Shisha smokers and nonsmokers exposed to shisha smoke at social events in shisha lounges had significant increases in uptake of benzene, a substance associated with an increased risk for leukaemia, according to a study published in Cancer Epidemiology, Biomarkers & Prevention.
“Shisha tobacco smoking involves the use of burning charcoal that is needed to heat the shisha tobacco to generate the smoke that the smoker inhales,” said Dr Nada Kassem, associate director at the Center for Behavioral Epidemiology and Community Health at San Diego State University.
“In addition to inhaling toxicants and carcinogens found in the shisha tobacco smoke, shisha smokers and nonsmokers who socialise with shisha smokers also inhale large quantities of charcoal combustion-generated toxic and carcinogenic emissions.”
Urine levels of S-phenylmercapturic acid (SPMA), a metabolite of benzene, were more than fourfold higher in shisha smokers and twofold higher in nonsmokers after attending a shisha-only smoking social event at a shisha lounge.
Levels of SPMA were also significantly increased in shisha smokers after attending a shisha-smoking event in a private home.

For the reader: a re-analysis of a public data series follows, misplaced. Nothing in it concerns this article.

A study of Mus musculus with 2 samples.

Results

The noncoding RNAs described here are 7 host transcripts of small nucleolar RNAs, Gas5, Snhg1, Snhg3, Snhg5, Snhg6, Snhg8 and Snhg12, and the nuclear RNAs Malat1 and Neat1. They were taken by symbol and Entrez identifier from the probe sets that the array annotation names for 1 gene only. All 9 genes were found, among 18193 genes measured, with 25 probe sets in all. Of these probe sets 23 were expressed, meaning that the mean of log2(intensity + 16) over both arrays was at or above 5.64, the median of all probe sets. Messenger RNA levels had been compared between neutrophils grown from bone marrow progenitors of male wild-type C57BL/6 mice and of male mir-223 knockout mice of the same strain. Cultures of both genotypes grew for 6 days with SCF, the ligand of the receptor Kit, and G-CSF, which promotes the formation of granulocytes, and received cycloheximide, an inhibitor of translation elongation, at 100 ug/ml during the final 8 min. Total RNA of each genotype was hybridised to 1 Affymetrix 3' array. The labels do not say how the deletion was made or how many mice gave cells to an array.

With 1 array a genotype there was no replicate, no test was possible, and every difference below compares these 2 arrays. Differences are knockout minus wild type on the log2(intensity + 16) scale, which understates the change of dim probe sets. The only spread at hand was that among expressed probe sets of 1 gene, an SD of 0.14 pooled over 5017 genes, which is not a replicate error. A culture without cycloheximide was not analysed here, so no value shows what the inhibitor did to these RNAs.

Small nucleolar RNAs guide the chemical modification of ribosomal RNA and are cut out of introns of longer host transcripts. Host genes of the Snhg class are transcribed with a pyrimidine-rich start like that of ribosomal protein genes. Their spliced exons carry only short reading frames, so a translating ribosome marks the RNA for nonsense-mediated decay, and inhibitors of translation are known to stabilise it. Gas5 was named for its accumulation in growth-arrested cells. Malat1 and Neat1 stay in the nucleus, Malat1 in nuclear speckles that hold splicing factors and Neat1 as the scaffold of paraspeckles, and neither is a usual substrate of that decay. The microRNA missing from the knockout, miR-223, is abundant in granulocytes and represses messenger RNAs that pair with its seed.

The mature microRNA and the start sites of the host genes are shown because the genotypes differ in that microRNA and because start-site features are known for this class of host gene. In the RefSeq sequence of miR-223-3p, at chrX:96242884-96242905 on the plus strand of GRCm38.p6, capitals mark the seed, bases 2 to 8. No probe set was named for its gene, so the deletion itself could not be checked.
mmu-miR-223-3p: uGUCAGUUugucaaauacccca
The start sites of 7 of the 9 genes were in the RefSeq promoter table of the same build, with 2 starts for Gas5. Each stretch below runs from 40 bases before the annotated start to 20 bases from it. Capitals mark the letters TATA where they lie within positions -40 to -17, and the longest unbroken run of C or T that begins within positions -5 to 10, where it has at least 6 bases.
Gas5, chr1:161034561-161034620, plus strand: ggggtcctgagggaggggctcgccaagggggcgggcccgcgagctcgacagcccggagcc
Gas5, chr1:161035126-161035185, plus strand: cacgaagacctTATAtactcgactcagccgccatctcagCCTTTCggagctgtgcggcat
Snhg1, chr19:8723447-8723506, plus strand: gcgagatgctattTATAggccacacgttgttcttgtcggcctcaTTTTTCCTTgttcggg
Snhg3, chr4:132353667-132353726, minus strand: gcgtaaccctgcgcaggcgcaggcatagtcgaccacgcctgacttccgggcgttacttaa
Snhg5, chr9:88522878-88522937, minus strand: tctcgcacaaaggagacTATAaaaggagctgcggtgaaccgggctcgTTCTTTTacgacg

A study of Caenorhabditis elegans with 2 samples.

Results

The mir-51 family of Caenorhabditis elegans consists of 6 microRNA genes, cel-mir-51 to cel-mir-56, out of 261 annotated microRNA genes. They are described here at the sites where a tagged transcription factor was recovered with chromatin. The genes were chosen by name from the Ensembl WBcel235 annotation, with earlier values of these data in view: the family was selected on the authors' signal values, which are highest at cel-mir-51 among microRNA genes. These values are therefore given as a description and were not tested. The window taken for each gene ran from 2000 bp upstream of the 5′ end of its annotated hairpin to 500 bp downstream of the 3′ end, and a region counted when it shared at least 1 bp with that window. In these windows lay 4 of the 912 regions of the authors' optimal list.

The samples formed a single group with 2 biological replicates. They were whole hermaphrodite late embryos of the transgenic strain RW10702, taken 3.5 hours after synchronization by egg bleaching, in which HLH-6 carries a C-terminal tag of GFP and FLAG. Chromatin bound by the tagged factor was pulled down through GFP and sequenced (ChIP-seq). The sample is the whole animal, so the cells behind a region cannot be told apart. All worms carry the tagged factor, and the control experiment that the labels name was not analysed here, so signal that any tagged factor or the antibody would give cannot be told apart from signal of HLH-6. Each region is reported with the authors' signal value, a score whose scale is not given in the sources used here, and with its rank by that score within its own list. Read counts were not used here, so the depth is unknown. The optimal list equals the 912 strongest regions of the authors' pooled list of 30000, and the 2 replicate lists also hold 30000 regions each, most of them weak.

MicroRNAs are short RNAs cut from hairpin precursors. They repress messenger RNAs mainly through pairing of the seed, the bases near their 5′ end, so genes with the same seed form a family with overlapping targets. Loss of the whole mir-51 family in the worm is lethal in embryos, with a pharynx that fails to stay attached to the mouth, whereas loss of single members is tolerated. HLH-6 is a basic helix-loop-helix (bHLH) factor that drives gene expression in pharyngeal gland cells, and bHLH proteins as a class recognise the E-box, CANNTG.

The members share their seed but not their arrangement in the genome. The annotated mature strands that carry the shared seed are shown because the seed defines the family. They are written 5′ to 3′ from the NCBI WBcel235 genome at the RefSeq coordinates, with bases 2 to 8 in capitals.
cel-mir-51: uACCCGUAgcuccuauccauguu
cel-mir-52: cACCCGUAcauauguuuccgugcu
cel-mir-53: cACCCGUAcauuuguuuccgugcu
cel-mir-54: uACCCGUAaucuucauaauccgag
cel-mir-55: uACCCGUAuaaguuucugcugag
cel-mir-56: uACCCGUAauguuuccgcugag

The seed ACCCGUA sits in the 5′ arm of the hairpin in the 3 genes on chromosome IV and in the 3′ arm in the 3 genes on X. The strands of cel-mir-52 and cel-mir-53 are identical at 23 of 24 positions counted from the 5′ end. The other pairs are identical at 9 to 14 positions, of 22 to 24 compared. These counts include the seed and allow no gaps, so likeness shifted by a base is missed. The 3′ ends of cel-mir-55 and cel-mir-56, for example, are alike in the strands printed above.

“Because there is no safe level of exposure to benzene, our results call for interventions to reduce or prevent shisha tobacco use, regulatory actions to limit shisha-related exposure to toxicants including benzene, and include shisha smoking in clean indoor air legislation,” Kassem added.
Kassem and colleagues analysed the levels of SPMA in the urine of 105 shisha smokers and 103 nonsmokers.
They obtained urine samples the morning of and the morning after participants attended a shisha-only smoking event at a shisha lounge or a private home.
Uptake of SPMA in shisha smokers increased 4.2-fold after smoking shisha tobacco at a social event at a shisha lounge and increased 1.9-fold after smoking shisha tobacco in a private home.
Additionally, nonsmokers’ uptake of SPMA increased 2.6-fold after attending a social event in a shisha lounge.
However, nonsmokers had similar levels of SPMA before and after attending shisha events in a private home.
According to Kassem, pre and post event levels were similar because nonsmokers’ uptake of benzene before the private shisha event was as high as the levels found in nonsmokers after attending the shisha event in shisha lounges, possibly indicating chronic exposure to benzene.
“In contrast to what is believed, shisha tobacco smoking is not a safe alternative to smoking other forms of tobacco,” Kassem said.